Pittsburgh planners approve proposal for East Liberty
Pittsburgh planners narrowly approved a proposal Tuesday to rezone about 9 acres in East Liberty, including Penn Plaza Apartments and a popular neighborhood park, for commercial and residential development despite heated opposition from residents.
Pennley Park South Inc., a subsidiary of Downtown developer LG Realty Advisors, wants to raze the apartment buildings and replace them with a mixed development that could use the existing Enright Parklet. Nearly two dozen residents spoke out against that possibility and complained that developers haven’t sought their input.
“I spend almost as much time there (at the park) as I do at home. It’s kind of my childhood,” Kai Roth-Bamberg, 7, said at the crowded Planning Commission meeting.
Jonathan Kamin, an attorney for Pennley Park South, described the 4-3 vote on the rezoning request as the first step in a lengthy planning process that will include community meetings and other opportunities for residents to offer input.
“This is just the beginning,” Kamin said.
The city-owned, 2-acre park became a bargaining chip in an agreement reached last month among the city, its Urban Redevelopment Authority, Pennley Park South and the Penn Plaza Tenant Council to help relocate 200 families who would be displaced by Penn Plaza’s demolition. The deal aims to create more affordable housing in the East Liberty area, where property values are soaring because of explosive development.
The agreement came on the heels of LG Realty Advisors sending eviction notices in July to Penn Plaza residents, including elderly and lower-income tenants, giving them 90 days to move out. The city got a 60-day delay.
“The park is important, but the people who live on this (Penn Plaza Apartments) site are what I consider to be most important,” said URA Chairman Kevin Acklin, who is Mayor Bill Peduto’s chief of staff.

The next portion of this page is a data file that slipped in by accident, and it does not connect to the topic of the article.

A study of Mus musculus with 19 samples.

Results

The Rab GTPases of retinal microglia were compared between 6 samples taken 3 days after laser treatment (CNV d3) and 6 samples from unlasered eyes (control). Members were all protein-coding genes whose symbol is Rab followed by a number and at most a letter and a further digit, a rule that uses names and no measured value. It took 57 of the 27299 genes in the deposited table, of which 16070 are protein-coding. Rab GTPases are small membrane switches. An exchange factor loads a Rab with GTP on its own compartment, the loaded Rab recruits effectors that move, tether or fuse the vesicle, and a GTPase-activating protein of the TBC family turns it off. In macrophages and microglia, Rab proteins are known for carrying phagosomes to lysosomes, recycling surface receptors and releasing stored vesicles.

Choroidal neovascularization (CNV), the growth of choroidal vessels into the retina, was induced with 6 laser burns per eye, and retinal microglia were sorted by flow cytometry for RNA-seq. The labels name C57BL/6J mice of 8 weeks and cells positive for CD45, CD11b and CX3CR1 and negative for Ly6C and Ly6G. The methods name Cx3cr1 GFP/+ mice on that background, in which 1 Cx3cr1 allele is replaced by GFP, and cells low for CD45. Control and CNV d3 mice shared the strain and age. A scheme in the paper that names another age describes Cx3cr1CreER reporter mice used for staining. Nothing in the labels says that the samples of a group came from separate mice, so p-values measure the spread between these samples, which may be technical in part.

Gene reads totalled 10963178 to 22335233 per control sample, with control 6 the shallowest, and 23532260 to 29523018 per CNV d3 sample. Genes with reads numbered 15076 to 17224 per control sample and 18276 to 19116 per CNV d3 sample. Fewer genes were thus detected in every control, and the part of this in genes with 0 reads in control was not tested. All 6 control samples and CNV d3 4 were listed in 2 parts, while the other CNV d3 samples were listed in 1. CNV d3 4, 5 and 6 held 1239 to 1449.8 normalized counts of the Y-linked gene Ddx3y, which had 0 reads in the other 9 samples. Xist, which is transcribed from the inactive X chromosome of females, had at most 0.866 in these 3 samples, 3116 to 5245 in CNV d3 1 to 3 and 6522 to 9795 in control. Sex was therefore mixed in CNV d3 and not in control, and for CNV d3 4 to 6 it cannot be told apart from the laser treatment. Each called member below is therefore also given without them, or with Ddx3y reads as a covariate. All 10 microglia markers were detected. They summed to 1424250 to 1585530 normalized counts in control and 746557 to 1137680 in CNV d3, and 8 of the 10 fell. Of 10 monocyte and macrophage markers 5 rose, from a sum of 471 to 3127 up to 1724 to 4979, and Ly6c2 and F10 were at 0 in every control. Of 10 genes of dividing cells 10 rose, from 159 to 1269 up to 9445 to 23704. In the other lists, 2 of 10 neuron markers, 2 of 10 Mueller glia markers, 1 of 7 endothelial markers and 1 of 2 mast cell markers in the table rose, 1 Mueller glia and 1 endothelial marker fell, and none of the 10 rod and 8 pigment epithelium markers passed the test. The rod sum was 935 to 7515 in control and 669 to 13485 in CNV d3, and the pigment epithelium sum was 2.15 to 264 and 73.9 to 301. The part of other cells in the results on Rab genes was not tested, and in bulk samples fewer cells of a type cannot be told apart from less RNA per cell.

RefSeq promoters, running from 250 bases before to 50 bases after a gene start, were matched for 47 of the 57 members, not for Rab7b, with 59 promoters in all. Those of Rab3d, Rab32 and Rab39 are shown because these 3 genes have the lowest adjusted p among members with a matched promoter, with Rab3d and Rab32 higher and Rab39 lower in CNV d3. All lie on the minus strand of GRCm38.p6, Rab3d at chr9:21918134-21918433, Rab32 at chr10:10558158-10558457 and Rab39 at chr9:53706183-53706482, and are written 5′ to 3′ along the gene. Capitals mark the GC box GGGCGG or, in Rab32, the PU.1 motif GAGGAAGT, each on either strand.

Under the rezoning proposal OK’d by city planners, any development plan for the land must include at least the same amount of “public open space and public amenities.” Acklin said.
The developers are required to explain how community input shaped their plans, which must be approved by the Planning Commission.
“It’s not good enough to take something that’s the heart and soul of the quality of life of residents and pit it against (the needs of) another set of residents. It’s not good enough to do the right thing for the Penn Plaza residents and the wrong thing for other residents of the neighborhood who love their park,” said Planning Commissioner Sabina Deitrick, who opposed the rezoning request with Fred Brown and Julie Butcher Pezzino.
Commission Chairwoman Christine Mondor voted in favor with LaShawn Burton-Faulk, Dina Blackwell and Holly Dick.
“The only thing that (reassures me) is that (the project) doesn’t happen for you until it goes through us. And it doesn’t happen through us until it happens through them,” Mondor said, referring to residents.
Tom Fontaine is a staff writer for Trib Total Media. He can be reached at 412-320-7847 or [email protected].